Pré de Madame Carle

This is Le Pré de Madame Carle, formerly a fertile valley at the end of the Vallouise Valley...

The roads ends, leading you to the foot of the glaciers and there… Nature offers all the beauty it has to offer. If there is one place that you should visit, it is perhaps here!

The Pré de Madame Carle is a marvellous tourist site in the Pays des Écrins. It can now be reached, thanks to the construction of the road from Ailefroide in 1938, and is the start point for many mountaineering courses. It is the most visited site in the Écrins National Park with close to 150,000 visitors per year. In the centre of the Park, it provides access to the famous ascensions in the massif: Barre and Dôme des Écrins (4102 m, the massif’s highest peak), Roche Forio (3730 m), and La Montagne des Agneaux (3664 m)…

The Glacier Blanc and the Glacier Noir joined here in the past (19th century). The Glacier Blanc, which has been monitored for more than a century, receded by almost 2 km between the 1980s and the 2000s. The progression and retreat of the glaciers have left piles of stones and have completely erased the fertile aspect of the area.

The National Park is committed to preserving the site so that the natural resources that it represents are protected as much as possible for future generations.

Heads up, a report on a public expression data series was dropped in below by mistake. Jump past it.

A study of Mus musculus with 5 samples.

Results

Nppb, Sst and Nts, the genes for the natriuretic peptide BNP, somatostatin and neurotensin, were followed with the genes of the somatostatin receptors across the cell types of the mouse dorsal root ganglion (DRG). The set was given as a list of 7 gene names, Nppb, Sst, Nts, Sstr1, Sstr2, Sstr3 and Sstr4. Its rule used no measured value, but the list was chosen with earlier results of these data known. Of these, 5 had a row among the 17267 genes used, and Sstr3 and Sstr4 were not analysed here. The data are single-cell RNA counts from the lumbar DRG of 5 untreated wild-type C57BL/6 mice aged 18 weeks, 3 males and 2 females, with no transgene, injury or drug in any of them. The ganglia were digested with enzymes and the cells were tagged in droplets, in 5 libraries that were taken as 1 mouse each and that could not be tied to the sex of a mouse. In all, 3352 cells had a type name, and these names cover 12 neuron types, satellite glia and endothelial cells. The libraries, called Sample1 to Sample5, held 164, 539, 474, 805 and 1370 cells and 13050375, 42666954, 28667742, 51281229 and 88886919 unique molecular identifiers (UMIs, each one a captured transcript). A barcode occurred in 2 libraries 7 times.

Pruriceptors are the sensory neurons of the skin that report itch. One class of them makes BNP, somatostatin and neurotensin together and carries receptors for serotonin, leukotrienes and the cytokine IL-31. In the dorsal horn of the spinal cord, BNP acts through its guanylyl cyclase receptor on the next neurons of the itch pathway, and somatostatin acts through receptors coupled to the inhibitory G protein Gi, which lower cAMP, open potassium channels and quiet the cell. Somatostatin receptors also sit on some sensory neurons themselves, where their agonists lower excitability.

Two mountain refuges welcome you on your high mountain expeditions. The Glacier Blanc and Les Écrins.

The legend of the Pré de Madame Carle

extract from the book ‘Around Briançon in winter, Step by Step…’ By Jean-Michel Neveu and Marianne Chanel

‘Since the 17th century, writers and locals have been telling a very different story, confusedly associating Dame Carle and Geoffroy Carle, president of the Grenoble Parliament. He lived with his beautiful young wife in the hamlet of La Bâtie. Highly involved in village life in Les Vigneaux, one day he decided, at his own expense, to have frescoes, representing the cardinal sins and their punishments, painted on the Saint Laurent Church in Les Vigneaux. He made his wife responsible for supervising the work of the young Italian painter hired for the work. It is said that it was with great pleasure that Louise fulfilled this task seducing the handsome artist. But during an evening in Rame (the former name of La Roche-de-Rame), the far too beautiful Dame from La Bâtie, taking advantage of Geoffroy Carle’s absence, soon forgot the poor painter on the arm of the Seigneur de Rame. Naively and carelessly, she went to the church to check on the painter’s progress, in the arms of her new conquest. Hurt and jealous, the painter swore revenge.  All that remained for him to paint were the faces on the representation of the sins: the pretentious Seigneur de Rame would be pride, and cheated Geoffroy Carle would be perfect as anger. As for Mme Carle, she would be forever astride the goat representing lust. Geoffroy Carle had no difficulty identifying the portraits. Enraged, he too decided to seek revenge. Secretly, he stopped feeding and watering his wife’s mule for several days. One morning, Geoffroy Carle took his wife to visit the meadows at the end of the valley, above the Grande Sagne Valley, he went on his horse, and she rode on this exhausted mule. Drawn to the water of the Saint-Pierre stream, the thirsty mule eagerly jumped into the tumultuous waters, taking seductive Mme Carle with him forever.’